My Mk1 has the 'Clipper' factory installed body kit. This kit has flared plastic wheel arches, one of which had a significant scrape across it.
This is how I prepped and repainted it.
You'll need to clean the damaged area of any dirt or grease. I used eucalyptus oil, but most car cleaners will work.
If possible, try to isolate a whole section of the car. Starting masking off areas beginning at join lines. In my case, only the front of the arch was damaged, but I intended to repaint the whole thing to avoid any obvious cut off marks.
Use 500 grit sandpaper to sand down the paint and raised parts around the damaged area. You want to get rid of any raised areas and smooth out any holes so that they do not have sharp edges.
You will also need to lightly sand the rest of the panel you are painting, even the parts that are not damaged. This feels wrong to sand undamaged paint, but it will provide a porous surface for the new paint to 'grip' on to.
Use a bucket of water to rinse your sandpaper every now and again so it doesn't get clogged up with paint fragments.
Spray on the primer. Note, there is a special primer used for plastic car parts. The primer I got was also clear.
It's important to follow the instructions on the side of the can regarding drying time. In my case, using Repco Plastic and Bumper primer, I was to shake the can for 1 minute, and apply a coat every 10mins before finally letting it dry for 20mins.
Spray putty is good for evening out minor marks and indentations. I still needed to use a small amount of body filler for the larger scrape, but the putty helped smooth everything else out.
Again, follow the instructions on the can. Mine was Repco Spray Putty - shake for 1 min, 5 mins drying time between coats, allowing for a 1hour final drying time.
The putty comes out a little sputtering and thick. That's OK as it will get sanded down later.
Once finished with the can hold it upside down and spray until nothing but air comes out. This will prevent the nozzle from becoming clogged.
For the bigger scrape area I had to apply a little body filler. I bought some plastic applicator paddles to scrape it on.
Body filler comes with a separate tube of catalyst that, when combined with the filler, makes it harden. Generally, you apply one part of catalyst to every 50 parts of filler, so only a few droplets at a time.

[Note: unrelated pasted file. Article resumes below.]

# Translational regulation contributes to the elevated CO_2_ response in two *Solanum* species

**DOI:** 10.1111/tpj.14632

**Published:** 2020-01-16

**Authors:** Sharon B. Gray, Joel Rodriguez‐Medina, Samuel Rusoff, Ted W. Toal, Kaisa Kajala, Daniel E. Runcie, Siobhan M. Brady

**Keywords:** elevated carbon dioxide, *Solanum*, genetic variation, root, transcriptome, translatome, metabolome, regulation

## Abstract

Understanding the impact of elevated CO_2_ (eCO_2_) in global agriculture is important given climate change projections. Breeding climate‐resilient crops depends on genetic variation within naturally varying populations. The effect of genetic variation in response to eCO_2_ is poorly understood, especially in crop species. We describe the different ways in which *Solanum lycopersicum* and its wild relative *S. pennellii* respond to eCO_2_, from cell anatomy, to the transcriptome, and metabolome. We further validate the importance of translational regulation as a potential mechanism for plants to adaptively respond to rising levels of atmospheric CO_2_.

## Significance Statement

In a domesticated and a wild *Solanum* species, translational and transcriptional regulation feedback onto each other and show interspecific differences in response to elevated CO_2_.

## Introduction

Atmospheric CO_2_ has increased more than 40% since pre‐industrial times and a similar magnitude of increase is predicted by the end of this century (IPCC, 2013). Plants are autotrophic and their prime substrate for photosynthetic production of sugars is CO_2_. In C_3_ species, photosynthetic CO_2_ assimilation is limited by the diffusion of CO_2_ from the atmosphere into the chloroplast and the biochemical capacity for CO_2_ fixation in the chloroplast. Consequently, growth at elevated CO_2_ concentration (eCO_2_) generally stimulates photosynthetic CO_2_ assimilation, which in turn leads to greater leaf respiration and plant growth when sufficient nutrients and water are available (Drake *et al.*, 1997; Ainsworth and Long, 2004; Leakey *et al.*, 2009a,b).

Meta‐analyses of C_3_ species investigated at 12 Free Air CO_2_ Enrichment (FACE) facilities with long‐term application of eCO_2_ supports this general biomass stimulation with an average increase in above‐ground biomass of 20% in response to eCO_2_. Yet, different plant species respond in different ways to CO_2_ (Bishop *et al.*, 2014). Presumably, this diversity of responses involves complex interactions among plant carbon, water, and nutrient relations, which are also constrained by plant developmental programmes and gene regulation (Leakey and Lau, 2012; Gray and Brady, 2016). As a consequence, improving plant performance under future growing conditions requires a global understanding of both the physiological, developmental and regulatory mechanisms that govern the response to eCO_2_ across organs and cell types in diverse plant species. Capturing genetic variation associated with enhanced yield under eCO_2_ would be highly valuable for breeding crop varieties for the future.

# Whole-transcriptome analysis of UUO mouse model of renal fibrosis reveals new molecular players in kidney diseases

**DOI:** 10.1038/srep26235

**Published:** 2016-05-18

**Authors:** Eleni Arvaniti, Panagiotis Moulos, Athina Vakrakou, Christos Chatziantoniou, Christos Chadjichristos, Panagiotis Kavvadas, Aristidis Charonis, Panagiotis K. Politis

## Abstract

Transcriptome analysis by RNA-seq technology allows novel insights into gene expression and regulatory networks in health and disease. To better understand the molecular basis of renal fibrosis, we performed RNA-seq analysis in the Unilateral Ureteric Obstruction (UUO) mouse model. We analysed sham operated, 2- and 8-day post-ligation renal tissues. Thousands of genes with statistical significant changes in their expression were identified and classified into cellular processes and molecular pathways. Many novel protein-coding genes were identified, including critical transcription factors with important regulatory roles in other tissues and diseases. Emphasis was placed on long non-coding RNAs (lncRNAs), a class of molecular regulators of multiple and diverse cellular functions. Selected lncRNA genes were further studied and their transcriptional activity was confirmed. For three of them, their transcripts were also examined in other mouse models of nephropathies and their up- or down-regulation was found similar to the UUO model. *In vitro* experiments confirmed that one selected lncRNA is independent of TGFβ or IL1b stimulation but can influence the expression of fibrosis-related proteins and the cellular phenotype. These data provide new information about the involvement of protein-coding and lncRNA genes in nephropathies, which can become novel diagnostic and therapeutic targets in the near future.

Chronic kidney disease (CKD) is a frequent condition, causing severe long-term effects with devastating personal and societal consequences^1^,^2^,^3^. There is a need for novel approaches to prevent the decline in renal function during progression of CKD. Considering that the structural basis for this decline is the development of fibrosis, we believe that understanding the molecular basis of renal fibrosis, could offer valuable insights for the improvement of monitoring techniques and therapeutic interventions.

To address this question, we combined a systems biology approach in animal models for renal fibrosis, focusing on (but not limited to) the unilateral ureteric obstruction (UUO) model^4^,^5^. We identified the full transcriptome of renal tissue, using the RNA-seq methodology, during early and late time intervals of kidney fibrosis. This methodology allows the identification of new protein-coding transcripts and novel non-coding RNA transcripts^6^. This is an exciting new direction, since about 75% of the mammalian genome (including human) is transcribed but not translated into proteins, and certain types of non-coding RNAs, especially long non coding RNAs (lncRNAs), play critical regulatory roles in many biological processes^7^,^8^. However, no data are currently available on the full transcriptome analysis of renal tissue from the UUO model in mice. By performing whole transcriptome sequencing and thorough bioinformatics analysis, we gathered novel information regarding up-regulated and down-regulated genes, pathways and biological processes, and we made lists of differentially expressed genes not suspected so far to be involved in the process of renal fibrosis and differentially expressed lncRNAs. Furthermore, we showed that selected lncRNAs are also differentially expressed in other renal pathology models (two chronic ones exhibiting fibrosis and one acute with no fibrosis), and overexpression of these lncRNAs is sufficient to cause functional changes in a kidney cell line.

Mix the filler and catalyst on a plastic try (or in my case a take away container lid) using an applicator paddle. It's important you 'fold' the mixture over its self, not stir it. The idea is to avoid having any air bubbles in the mixture.
Once mixed enough so that the mixture is all the same colour, apply it to the damaged area with the applicator. Smear it into the gaps in an even and steady manner. Don't worry about applying too much, you can sand it back later.
Using your 500 grit sand paper, start sanding down the body filler and putty. You can use an orbital sander or a sanding block for this, but I just did it by hand due to the curveture of the wheel arch.
Continuously compare the angle you are sanding, makeing sure you arn't creating any low areas. If you find you've sanded too hard in one area, use the spray putty to build it back up.
Wet sanding is good here, as it unclogs the sandpaper as you go.
After cleaning the area with water to remove any dust from sanding, I applied another few layers of primer to allow the base coat paint to stick.
For the base paint, it is very important to follow the instructions on the can. My paint was from Color Spec and it's instruction were to shake for a full 5 mins, waiting 15 mins between coats and 40 mins before applying clear coat. Final drying time was 24hrs. I used a timer for each step.
The can says to spray from a distance of 20cm away, however the temperature in your area can affect this. I found that I had to move closer to about 10cm as the paint hardened in the air before hitting the surface and appeared splotchy. Do some test runs on some cardboard or other surface.
Apply the paint using steady, even strokes, over spraying onto the newspaper at each end. Try to move your hand at the same speed for each pass - you don't want a build up of paint in any one area that could cause runs.
After 40mins (or whatever is specified on your can) check the paint. It may have an orange peel affect where it looks a little bumpy. That's ok - it's hard to not get this affect with DIY aerosol painting. Use your highest grit (at least 800) sand paper to 'polish' off the orange peel, so you get a smooth, even finish. It's ok if the paint is not shiny too - that's what the clear coat is for. Remember to turn the can upside down and spray out the remaining paint to clear the nozzle at the end of each session.
In the end I repeated the above process 3 times, just to be sure I was getting it right.
Like tha base paint, it's very important to follow the can's instruction carefully. My Color Spec can instructed me to shake for 5 mins, and wait 20 - 30 mins between coats.
Again, I experimented with spray distance to get as smooth and glossy effect as possible. Due to it being a hotter day, I had to move in a little closer than what the can suggested.
I repeated the steps above, same as the base coat paint.
The clear coat too can get orange peel, so, again, I 'polished' it with high grit sandpaper.
I added 3 coats, letting it dry 40mins between each coat.
After I let the clear coat and base paint dry for 24hrs I went over the guard with a cut and polish compound to remove any remnant of the orange peel affect.
I think it came up looking pretty good.